West Stanly Fire Department eyes tax increase to help finance new station

Published 1:59 pm Wednesday, February 23, 2022


The department responded to a record-breaking 1,104 calls in 2021, a 30 percent increase from 2020, according to its Facebook page. And with more people moving into the area, the department expects the numbers to continue to rise in the years to come.

To help properly provide for the influx of new residents, the department has taken steps to increase its presence within the community.

About three years ago, the department received two large donations enabling it to purchase about 2.1 acres of land at the intersection of Renee Ford Road and River Road to build a third fire station to go along with its two others — Station 1 at South Central Avenue in Locust and Station 2 at Love Mill Road in Stanfield. “Future Home of West Stanly Fire Dept. Station 3” signs were recently placed on the property.

“This plan has been in line for probably the better part of a decade because we were able to forecast the growth that was going to take place out there in Stanfield and the surrounding areas,” Fire Chief Dakota Raborn said.

Once built, the third station, which would primarily serve the southwest portion of the district, would be be staffed 24/7 with at least four firefighters, Raborn said.

The department last year reduced its fire ISO rating, which indicates how well-protected a community is by the fire department, from a Class 5 to a Class 3 designation, saving residents in the district about $1.2 million in homeowners’ insurance premiums, Raborn said, though the new rating only applies to residents that live within a 6-mile radius of one of the two stations. The addition of a third station would allow all other residents to be included under the Class 3 rating.

In order to get the proper funding to build the station, the department needs assistance from the Stanly County Board of Commissioners. Over the past two years, Raborn has requested a 2.5 cent tax increase (raising the fire tax from .10 cent to .125 cent per $100 valuation) to pay for the station. It also needs to remodel Station 1 and replace a rescue vehicle, but the commissioners have denied the request each time.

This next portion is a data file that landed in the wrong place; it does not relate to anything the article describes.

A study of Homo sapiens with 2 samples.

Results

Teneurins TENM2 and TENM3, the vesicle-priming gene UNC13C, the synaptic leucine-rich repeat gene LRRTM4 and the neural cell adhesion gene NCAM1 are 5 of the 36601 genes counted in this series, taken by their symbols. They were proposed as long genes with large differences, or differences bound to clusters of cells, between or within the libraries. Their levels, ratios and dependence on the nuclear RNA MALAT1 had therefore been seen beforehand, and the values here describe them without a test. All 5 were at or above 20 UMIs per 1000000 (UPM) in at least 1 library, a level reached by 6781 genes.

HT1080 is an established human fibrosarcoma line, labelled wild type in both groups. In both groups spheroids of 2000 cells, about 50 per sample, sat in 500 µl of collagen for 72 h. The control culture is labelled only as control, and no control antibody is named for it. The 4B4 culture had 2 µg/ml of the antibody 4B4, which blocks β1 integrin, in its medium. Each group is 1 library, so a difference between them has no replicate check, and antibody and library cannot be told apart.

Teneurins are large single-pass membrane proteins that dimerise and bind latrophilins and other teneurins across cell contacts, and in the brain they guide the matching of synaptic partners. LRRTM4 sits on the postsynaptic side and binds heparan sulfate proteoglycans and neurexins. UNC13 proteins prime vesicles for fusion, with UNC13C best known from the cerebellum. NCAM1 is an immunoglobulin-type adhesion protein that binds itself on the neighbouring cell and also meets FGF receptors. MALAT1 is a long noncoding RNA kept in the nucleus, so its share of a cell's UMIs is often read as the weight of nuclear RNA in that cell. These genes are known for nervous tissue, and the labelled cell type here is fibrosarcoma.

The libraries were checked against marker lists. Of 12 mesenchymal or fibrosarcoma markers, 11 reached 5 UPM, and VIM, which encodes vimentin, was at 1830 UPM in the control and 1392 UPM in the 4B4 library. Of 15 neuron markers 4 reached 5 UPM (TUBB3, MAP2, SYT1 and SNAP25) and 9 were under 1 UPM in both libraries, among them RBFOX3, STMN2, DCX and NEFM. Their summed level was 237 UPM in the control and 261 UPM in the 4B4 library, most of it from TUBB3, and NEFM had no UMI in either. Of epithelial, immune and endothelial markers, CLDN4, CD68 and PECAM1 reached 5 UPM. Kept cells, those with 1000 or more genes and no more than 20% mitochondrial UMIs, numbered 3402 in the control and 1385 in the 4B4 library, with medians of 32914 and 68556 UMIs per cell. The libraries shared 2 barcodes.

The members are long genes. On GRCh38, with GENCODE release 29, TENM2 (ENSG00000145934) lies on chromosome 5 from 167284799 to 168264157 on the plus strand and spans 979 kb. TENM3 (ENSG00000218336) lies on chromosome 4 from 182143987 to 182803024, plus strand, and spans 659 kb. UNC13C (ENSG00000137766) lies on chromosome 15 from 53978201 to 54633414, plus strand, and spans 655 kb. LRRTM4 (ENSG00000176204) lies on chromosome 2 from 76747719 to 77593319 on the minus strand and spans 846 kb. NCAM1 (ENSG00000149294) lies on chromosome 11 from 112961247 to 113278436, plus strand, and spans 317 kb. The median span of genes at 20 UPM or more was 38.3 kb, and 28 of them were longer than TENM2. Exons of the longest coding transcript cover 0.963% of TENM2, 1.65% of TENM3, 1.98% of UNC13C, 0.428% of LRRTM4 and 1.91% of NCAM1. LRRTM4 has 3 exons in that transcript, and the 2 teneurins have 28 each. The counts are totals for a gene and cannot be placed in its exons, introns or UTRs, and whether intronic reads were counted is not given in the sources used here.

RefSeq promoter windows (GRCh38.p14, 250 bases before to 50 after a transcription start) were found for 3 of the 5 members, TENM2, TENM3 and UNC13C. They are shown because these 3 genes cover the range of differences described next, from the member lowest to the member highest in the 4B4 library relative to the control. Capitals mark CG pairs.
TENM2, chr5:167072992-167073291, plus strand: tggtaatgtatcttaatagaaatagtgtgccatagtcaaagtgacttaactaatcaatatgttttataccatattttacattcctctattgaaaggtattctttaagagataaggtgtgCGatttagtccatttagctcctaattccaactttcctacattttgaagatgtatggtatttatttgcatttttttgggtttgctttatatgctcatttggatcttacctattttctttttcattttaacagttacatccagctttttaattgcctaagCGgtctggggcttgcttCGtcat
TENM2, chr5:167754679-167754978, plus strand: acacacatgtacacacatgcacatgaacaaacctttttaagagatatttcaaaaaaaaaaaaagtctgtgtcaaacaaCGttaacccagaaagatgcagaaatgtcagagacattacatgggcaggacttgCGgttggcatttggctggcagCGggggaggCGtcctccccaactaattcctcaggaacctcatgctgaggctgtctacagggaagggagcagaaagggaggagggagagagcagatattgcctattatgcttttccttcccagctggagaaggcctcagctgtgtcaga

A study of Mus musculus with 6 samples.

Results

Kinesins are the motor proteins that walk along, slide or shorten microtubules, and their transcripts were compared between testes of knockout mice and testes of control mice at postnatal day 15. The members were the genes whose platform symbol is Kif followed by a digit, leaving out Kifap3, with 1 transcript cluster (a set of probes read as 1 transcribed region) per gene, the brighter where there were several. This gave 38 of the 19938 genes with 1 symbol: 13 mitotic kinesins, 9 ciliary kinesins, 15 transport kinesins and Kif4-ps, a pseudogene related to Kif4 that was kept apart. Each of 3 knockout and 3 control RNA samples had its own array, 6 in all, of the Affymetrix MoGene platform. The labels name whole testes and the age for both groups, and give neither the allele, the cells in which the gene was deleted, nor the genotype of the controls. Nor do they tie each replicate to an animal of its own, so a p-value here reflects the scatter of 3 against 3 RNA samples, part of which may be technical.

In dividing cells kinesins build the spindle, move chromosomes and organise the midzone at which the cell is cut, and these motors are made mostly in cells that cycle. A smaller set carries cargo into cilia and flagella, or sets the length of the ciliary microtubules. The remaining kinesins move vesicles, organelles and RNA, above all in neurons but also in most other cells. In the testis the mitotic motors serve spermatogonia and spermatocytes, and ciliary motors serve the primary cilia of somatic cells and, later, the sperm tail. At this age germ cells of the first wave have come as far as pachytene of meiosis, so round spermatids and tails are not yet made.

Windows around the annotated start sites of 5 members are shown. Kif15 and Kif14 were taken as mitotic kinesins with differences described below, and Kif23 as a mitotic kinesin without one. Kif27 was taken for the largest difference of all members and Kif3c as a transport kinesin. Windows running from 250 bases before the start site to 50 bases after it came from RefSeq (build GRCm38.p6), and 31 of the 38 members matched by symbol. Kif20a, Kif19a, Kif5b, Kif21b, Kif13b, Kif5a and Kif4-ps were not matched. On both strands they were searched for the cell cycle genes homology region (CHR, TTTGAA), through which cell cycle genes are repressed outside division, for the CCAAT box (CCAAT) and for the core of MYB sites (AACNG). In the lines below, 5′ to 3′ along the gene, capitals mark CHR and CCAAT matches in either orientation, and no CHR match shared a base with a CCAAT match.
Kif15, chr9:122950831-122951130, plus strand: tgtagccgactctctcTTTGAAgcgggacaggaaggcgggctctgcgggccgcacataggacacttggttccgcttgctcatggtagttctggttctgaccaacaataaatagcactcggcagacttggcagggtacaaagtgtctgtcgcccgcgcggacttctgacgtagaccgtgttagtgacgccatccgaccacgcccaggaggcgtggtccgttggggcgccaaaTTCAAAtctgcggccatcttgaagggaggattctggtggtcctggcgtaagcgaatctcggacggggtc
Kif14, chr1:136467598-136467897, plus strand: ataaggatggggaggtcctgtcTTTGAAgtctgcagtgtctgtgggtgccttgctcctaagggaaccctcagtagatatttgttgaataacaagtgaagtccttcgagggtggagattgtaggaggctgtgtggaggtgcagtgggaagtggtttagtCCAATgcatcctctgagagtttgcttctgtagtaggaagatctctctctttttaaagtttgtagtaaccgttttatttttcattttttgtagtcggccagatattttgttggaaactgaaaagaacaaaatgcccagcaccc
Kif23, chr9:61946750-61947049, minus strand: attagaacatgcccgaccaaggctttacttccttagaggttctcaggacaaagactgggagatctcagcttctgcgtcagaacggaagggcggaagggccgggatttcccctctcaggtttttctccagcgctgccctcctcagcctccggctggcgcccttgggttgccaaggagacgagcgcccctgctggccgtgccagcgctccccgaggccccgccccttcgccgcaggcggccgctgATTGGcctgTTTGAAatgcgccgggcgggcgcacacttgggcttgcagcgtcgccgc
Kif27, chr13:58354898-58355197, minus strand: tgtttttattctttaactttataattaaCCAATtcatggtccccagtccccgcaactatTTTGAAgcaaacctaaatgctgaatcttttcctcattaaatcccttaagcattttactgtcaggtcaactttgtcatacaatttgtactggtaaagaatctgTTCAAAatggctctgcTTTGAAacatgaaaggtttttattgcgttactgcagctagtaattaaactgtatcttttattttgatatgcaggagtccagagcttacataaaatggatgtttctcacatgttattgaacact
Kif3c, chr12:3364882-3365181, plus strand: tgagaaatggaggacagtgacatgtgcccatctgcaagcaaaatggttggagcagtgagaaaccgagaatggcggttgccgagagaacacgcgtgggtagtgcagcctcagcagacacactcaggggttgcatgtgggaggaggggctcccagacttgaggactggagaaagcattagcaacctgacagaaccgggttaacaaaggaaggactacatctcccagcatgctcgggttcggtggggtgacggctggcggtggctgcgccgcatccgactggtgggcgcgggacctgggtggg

In a presentation to the commissioners last summer, WSFD compared itself to Albemarle’s fire department as both have fire ISO ratings of 3, according to a SNAP article, though AFD covers a larger population and has more staff. AFD also had a FY 2021-2022 budget of almost $5.1 million while WFD’s budget was $1.1 million.

“Without the tax increase…we will remain stagnant,” Raborn said. “We will not be able to increase our staffing, we will not be able to replace critical infrastructure such as fire trucks and we will not be able to add critical infrastructure such as fire station 3.”

While a new station is important to the department, it’s even more critical to the citizens, Raborn said. A new facility would allow the department to expand its operational capability, initiate quicker response times (it takes fire personnel up to 12 minutes to respond to certain areas) and help lower certain residents’ homeowner premiums by roughly $500 a year.

Raborn said he’s recently reached out to several commissioners, including chairman Tommy Jordan, about re-engaging in talks regarding a possible tax increase as part of the upcoming fiscal year budget.

Jordan said after conferring with several of his fellow commissioners, he talked with Raborn Wednesday morning about the commissioners coming to visit one of the stations to learn more about the fire department and what its needs are.

“It won’t be the last meeting, but we’re going to sit down and talk with him,” Jordan said.

About Chris Miller

Chris Miller has been with the SNAP since January 2019. He is a graduate of NC State and received his Master's in Journalism from the University of Maryland. He previously wrote for the Capital News Service in Annapolis, where many of his stories on immigration and culture were published in national papers via the AP wire.